Parents can help improve the symptoms and behaviour of children with autism, by learning how to interact and understand them more effectively, a study has shown.
This new form of therapy is said to offer a “potential breakthrough” in care for millions of families.
Parents were given intense communication training to teach them ways to interact with their children with autism, as part of a long-term study published in The Lancet.
Six years later the therapy was shown to have “moderated” the behaviour of children with severe autism symptoms.
“The advantage of this approach over a direct therapist-child intervention is that it has potential to affect the everyday life of the child,” said Professor Jonathan Green at the University of Manchester who lead the study, according to The Guardian.
“Our findings are encouraging, as they represent an improvement in the core symptoms of autism previously thought very resistant to change.”
The trial involved 152 children with autism in Manchester, who were aged two to four. The families of the children visited a trial centre twice a week for six months.
Parents were trained by communication specialists to be able to highlight and respond to “easily-missed” moments when a children with autism subtly tried to communicate. They were also shown how to get the most out of these moments.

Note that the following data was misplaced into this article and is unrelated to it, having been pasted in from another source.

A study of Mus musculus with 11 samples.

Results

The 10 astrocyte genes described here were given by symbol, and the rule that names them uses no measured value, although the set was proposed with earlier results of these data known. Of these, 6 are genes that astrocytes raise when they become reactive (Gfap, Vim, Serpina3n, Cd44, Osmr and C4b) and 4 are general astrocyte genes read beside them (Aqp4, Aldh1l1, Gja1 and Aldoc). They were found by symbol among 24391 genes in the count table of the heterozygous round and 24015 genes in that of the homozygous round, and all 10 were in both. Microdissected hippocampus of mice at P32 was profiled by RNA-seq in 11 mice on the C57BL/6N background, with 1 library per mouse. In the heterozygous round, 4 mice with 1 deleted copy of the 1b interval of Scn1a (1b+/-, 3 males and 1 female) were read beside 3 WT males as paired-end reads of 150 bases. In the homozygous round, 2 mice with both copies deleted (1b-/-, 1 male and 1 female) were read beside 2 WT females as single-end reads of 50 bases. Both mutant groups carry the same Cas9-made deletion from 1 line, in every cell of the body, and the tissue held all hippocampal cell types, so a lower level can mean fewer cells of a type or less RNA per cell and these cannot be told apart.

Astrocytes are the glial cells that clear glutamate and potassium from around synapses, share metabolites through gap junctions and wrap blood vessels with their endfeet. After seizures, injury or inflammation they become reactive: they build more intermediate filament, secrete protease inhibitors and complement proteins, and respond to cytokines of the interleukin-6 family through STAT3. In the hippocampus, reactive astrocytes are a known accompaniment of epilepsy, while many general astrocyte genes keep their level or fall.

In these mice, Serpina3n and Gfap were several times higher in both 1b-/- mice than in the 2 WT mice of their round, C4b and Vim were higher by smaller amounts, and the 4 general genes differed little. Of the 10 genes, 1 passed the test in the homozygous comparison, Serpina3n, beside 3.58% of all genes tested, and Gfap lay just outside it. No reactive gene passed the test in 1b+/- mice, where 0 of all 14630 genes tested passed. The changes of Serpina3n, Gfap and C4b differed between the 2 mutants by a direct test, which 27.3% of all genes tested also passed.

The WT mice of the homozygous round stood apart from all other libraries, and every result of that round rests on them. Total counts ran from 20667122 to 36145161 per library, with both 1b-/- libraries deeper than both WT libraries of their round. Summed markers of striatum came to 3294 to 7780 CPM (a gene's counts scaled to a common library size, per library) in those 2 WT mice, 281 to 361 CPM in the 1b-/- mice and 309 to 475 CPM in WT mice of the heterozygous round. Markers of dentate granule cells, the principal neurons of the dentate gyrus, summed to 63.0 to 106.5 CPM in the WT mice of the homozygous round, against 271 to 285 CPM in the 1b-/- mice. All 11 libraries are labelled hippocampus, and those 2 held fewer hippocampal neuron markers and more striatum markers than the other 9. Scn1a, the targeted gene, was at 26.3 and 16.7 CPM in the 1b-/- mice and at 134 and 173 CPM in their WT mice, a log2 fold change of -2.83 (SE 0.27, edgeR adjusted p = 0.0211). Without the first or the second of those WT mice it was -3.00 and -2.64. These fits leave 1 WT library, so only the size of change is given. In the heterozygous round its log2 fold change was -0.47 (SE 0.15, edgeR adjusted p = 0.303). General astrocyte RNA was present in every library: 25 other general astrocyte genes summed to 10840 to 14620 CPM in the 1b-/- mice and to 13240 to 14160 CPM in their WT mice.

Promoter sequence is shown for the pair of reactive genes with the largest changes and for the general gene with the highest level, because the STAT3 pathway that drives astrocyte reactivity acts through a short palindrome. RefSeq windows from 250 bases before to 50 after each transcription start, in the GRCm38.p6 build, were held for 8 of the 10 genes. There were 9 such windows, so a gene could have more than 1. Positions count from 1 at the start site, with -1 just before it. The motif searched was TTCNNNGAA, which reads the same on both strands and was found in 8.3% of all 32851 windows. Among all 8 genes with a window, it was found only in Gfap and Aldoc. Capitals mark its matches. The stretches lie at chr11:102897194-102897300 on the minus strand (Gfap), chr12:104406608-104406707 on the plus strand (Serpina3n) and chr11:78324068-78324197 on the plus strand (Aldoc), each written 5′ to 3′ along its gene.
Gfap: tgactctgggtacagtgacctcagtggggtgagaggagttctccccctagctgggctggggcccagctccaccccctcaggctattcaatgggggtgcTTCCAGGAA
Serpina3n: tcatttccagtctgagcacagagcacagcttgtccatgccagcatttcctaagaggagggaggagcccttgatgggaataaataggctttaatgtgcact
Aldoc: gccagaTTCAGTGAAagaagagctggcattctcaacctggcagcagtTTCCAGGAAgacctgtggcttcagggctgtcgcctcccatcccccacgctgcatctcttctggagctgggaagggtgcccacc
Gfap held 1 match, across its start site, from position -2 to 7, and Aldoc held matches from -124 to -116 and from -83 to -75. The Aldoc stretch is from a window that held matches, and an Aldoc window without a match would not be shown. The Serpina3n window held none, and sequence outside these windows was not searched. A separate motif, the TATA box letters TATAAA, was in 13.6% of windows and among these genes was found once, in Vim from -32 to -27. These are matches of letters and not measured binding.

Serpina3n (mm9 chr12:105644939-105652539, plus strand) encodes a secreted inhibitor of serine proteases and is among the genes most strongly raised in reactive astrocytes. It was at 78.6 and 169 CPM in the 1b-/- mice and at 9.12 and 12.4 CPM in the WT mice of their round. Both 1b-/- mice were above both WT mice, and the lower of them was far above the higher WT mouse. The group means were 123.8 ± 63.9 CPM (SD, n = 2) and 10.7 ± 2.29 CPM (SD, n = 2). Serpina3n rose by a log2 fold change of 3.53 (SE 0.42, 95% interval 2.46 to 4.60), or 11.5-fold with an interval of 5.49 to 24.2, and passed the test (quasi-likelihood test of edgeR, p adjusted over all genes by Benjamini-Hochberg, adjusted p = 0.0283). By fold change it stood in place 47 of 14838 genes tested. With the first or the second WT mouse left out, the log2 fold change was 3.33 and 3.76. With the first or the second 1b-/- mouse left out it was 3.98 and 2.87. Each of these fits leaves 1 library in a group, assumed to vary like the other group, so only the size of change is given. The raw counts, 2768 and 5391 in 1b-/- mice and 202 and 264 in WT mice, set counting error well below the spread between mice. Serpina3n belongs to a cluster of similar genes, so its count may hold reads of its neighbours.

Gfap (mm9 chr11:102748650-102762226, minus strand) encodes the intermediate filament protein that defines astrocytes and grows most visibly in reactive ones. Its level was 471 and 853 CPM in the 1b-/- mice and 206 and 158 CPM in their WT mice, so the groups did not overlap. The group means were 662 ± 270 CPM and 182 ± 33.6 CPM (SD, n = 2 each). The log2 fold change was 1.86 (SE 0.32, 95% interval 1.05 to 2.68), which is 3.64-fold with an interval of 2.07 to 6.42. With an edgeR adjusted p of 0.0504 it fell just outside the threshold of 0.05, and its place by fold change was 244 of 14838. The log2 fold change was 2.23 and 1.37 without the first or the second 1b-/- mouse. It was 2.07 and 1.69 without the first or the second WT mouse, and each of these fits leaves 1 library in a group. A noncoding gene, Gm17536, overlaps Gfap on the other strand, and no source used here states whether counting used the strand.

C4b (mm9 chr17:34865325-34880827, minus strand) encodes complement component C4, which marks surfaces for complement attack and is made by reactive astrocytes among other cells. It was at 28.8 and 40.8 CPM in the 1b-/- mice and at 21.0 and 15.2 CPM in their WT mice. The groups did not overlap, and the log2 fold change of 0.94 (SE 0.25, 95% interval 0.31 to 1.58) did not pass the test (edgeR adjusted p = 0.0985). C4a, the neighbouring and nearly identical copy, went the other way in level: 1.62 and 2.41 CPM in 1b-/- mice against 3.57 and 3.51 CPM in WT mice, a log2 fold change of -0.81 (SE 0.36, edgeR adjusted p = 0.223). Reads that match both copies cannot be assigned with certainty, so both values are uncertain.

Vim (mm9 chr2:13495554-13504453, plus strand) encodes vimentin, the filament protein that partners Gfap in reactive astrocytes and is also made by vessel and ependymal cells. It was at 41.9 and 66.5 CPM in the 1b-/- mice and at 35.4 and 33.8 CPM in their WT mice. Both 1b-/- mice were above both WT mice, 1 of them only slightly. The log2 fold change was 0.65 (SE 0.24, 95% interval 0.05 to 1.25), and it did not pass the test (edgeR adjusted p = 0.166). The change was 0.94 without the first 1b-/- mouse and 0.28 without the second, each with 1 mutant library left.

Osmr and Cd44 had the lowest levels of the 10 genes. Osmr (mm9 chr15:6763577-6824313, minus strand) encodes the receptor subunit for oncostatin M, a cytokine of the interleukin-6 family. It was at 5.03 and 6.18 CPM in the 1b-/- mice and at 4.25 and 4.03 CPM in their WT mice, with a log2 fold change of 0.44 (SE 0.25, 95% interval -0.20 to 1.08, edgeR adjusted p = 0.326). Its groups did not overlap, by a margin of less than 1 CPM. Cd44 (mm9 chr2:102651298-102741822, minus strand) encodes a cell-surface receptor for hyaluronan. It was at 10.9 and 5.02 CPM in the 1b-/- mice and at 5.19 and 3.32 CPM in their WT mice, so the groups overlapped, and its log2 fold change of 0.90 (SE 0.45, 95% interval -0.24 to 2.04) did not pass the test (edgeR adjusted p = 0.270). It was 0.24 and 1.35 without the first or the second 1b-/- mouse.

The families were filmed while in a room with a box of toys. When a child offered a toy or made a noise, the parent was encouraged to respond. When a child said a word, the parent was asked to repeat it and add something else. They were then asked to repeat this practice at home.
By picking up on these moments of communication, parents slowly enabled their child to speak more.
The families who had the therapy were compared to a control group of families who were given the usual therapies for children with autism.
From those who were given usual therapies, the 50% who had severe autism at the beginning increased to 63% six years later.
For those who had the intense communication training, the 55% of children who had severe autism decreased to 46% six years later.
“This is not a ‘cure’, in the sense that the children who demonstrated improvements will still show remaining symptoms to a variable extent,” added Professor Green.
“But it does suggest that working with parents to interact with their children in this way can lead to improvements in symptoms over the long term.”
Commenting on the study, Dr Judith Brown, head of autism knowledge at the National Autistic Society, told The Huffington Post UK: “This study is the first to find a sustained improvement of this kind.
“We welcome these results at the National Autistic Society, which show the positive impact of parents’ early involvement in their children’s therapy.
“Families are often on a steep learning curve after diagnosis about how to best support their autistic children. This study confirms our view that parents must be helped to understand their child’s autism so they can be properly involved in decisions and in support and intervention for their child.
“Professor Jonathan Green has also put improving the everyday lives of autistic children and their families at the centre of his study. We hope to see more research with this same focus, which promises to improve the way clinicians work with families and, ultimately, improve life for thousands of autistic children.”